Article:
Ontario lottery winner to create new pot shopping experience

A new licensing agreement could change the way Londoners buy weed.

Buying weed in London may soon be as easy as picking up milk, thanks to a new partnership between the world’s largest cannabis company and a major North American convenience store operator.

On Feb. 21, licensed marijuana producer Canopy Growth Corporation, of Smiths Falls Ont., announced its collaboration with Quebec-based convenience store company Alimentation Couche- Tard Inc., which runs stores under banners such as Mac’s, Circle K, and Daisy Mart.

The two entities will enter into a multi-year brand licensing agreement with an unnamed Ontario lottery winner planning to open a store called Tweed in south London at 1025 Wellington Rd., pending public consultation.

“The local business owner is looking to succeed in this market and really bring a premium experience to the city of London,” Shega Youngson, Canopy Growth’s senior manager of events and community engagement said. “It’s great to be playing the supporting role and helping them really create the right experience, leverage our expertise and also our brand [.]”

According to its website, Canopy Growth was the first cannabis company in North America to be publicly traded. Tweed is the company’s subsidiary brand, under which Canopy already runs brick-and- mortar outlets in Saskatchewan, Manitoba, and Newfoundland and Labrador.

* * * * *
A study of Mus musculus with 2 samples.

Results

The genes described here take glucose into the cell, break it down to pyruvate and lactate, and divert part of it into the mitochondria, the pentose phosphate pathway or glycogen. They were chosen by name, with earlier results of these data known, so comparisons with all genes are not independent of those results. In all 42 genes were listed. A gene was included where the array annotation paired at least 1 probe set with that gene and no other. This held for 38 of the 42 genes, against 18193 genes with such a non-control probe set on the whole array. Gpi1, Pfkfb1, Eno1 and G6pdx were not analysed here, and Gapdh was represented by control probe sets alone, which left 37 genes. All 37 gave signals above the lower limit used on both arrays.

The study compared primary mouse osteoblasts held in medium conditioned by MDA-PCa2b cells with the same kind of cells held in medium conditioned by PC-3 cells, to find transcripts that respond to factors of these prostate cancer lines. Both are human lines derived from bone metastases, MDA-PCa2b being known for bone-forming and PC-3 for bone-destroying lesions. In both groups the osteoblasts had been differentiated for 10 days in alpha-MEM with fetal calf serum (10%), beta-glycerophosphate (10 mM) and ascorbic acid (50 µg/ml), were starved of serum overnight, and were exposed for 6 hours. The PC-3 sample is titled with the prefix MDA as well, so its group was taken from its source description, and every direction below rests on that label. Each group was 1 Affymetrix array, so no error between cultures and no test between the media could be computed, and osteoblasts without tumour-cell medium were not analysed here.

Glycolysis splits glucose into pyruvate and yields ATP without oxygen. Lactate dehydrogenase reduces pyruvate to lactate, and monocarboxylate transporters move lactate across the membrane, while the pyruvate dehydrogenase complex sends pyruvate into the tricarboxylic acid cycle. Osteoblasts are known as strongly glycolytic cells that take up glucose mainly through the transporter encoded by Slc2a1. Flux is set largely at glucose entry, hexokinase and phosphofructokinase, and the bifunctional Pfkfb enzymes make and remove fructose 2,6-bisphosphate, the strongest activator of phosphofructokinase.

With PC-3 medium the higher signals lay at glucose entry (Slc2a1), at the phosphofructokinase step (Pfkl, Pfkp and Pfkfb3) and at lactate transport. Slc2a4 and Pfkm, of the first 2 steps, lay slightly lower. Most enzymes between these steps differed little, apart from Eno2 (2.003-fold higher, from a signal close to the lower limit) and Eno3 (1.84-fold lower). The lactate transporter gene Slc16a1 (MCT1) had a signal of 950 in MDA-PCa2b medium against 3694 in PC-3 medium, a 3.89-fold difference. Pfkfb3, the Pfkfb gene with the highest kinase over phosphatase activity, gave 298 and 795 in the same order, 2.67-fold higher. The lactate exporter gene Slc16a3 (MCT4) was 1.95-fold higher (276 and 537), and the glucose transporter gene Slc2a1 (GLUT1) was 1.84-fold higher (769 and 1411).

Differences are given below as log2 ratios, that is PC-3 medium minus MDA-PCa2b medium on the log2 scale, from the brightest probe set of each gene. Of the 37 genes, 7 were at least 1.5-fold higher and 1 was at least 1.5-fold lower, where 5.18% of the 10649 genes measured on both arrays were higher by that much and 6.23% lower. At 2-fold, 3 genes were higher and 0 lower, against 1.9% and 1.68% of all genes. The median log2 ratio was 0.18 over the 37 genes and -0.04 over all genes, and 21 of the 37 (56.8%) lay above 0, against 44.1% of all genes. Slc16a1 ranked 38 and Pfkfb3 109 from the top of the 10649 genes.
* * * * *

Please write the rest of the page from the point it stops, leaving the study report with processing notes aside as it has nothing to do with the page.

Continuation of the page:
Youngson said that opening the stores helps to ease Canadians into a recently legalized cannabis culture.

“It’s important to have conversations face to face,” she said. “Brick-and-mortar is so important to normalize the industry and make people feel comfortable about these products.”

While the Tweed brand offers a variety of products and accessories, the London store’s inventory will ultimately be up to its owner.

Currently, legal recreational marijuana is solely available online through the Ontario Cannabis Store. In early January, the Alcohol and Gaming Commission of Ontario (AGCO) held the Expressions of Interest Application Lottery to determine who could apply for one of 25 authorized retail store licences. Licensed producers were not allowed to enter the lottery.

According to a report from the Canadian Press, the Ontario government capped the number of stores to 25 due to a shortage of legal cannabis to be addressed by the federal government. The licences are being divided regionally, with five going to the east of Ontario, seven to the west, two in the north, six to the Greater Toronto Area and five in Toronto.

The Canopy Growth/Couche- Tard retailer is London’s second lottery winning applicant, and must now wait for the results of a 15-day objection period, ending on March 7.

“The biggest concern I’ve had to far is just relating to the traffic congestion in that parking lot,” said Elizabeth Peloza, city councillor of Ward 12, where the plaza containing the potential Tweed store is located.

Peloza said that Londoners could express any logistical issues they may have with the store through the AGCO’s website until the end of the objection period (agco.ca/content/cannabis-submissions for instructions).

According to the AGCO’s website, the 25 lottery-selected applicants must submit a Retail Operator Licence Application, along with a $6,000 fee payment and $50,000 Letter of Credit.

The AGCO will allow the approved marijuana retailers to open beginning April 1.